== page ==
When we think of personal injury cases, we often think of car accidents. While car accidents can seem straight-forward—one car hits another—the law upon which recovery for personal injuries sustained in a car crash is far more complex. Personal injury cases arise out of civil tort law.
So, what, exactly is a “tort”? Under Georgia law, a “tort” is the unlawful violation of a public duty that causes harm, or, “the violation of a private legal right, other than a breach of contract.”
A tort is a civil law concept. It refers to a wrongful action (or inaction where there is a duty to act) that causes another injury for which the injured person can seek relief in the form of money damages or an injunction. A tort is a private wrong that does not arise out of a contract agreement. In other words, a civil tort exists when one person injures another person, not by failing to abide by a written or verbal agreement between the two, but in some other physical or emotional way which causes the victim to also incur financial expense.
Although some torts (see below) can also be subject to the criminal law, in civil law, the emphasis is not on punishment of the wrongdoer, but on compensation for the injured party.
The 2 Types of Torts
There are basically 2 types of torts in civil law:
- Intentional torts, and
Intentional torts are just what you would expect. They are the result of a person’s deliberate wrongdoing. The classic example of an intentional tort is a civil assault (apprehension of an unwanted touching) and battery (unwanted touching)—in other words, a punch on the nose.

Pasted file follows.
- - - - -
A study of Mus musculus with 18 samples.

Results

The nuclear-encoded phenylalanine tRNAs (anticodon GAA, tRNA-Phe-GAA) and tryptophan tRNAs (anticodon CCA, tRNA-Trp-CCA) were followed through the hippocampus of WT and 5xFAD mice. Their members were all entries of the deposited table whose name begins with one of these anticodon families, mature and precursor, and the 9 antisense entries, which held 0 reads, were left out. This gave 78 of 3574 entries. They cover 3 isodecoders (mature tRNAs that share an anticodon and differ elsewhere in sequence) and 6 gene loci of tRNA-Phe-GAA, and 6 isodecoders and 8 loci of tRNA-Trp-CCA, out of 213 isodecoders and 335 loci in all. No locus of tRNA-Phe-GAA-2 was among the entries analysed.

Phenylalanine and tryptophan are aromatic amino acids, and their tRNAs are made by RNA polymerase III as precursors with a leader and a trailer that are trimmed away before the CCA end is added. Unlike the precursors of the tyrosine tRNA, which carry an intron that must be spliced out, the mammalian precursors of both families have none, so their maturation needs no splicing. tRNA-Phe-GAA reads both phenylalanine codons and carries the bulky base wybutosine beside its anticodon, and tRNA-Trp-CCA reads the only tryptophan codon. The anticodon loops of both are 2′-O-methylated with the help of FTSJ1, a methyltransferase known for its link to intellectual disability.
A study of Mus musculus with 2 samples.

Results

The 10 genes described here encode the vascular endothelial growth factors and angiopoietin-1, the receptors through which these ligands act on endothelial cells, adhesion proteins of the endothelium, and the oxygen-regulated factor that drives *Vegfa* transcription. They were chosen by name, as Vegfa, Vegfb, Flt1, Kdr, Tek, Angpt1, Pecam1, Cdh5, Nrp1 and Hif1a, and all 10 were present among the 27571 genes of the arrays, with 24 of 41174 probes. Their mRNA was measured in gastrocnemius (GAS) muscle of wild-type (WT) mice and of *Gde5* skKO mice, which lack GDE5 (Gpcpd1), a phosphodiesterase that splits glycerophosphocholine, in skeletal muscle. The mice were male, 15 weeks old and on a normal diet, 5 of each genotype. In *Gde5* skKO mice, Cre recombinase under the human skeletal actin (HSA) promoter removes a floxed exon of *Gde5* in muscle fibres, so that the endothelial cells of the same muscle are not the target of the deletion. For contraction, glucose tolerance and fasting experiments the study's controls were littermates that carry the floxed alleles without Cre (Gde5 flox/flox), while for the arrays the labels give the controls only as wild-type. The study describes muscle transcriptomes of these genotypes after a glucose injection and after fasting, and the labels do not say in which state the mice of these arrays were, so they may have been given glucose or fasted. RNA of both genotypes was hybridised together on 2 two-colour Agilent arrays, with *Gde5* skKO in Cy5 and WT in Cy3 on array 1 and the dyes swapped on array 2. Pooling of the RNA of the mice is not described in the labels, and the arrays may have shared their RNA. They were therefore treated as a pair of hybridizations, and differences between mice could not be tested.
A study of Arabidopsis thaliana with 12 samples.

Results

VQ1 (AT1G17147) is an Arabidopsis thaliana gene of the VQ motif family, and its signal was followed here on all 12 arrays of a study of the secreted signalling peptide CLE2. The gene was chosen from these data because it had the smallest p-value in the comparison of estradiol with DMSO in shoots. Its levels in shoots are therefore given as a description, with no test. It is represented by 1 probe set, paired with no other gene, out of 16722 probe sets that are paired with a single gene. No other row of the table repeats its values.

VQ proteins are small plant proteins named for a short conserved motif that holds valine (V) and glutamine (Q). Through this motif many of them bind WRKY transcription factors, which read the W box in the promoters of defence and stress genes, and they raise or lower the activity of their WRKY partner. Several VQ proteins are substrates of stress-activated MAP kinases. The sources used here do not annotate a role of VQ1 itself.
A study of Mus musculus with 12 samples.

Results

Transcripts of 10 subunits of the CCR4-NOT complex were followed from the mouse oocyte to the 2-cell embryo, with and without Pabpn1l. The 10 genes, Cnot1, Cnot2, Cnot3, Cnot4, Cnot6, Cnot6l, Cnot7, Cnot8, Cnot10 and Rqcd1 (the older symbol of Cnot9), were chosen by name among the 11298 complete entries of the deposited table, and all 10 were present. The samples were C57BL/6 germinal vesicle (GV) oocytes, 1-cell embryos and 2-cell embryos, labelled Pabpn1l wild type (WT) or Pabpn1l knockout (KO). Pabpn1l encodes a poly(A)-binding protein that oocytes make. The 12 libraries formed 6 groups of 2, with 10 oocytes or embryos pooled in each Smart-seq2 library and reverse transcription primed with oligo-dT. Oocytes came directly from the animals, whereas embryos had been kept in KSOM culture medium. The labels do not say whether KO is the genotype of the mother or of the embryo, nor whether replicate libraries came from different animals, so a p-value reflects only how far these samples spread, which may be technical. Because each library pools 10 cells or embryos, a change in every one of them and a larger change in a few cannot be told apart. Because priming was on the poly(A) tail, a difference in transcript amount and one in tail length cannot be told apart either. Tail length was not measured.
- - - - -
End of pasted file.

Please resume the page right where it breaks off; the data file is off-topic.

Torts arising out of negligence, on the other hand, fall into the “accident” category of torts. These are the classic car accident or slip and fall personal injury cases.
In personal injury law cases, a defendant’s liability is based on duty and foreseeability. In other words, the question is whether the defendant had a duty to act, and if so, whether the defendant’s action (or inaction/failure to act) caused the plaintiff’s harm.
Most personal injury actions are the result not of a person’s intentional wrongdoing, but his or her failure to act prudently. Negligence can be understood generally as carelessness or the breach of a duty of care. Common examples of torts caused by negligence include texting and driving and causing an accident, or a grocery store that fails to clean up a spill and a customer slips and falls, injuring himself.
Whether an injury is caused deliberately or accidentally, those who are injured by the torts of another have a right to seek compensation. It is important to seek the advice of experienced personal injury counsel right away.
Accident Attorneys in Georgia.
The personal injury attorneys at the Law Offices of Mark Weinstein, P.C., are here to help you. We serve clients in Atlanta, and in several counties throughout Georgia, including: Clayton County, Cobb County, Dekalb County, Douglas County, Fulton County, and Paulding County, among others. To find out how we can help you, call us at: 770-888-7707. Or contact us here.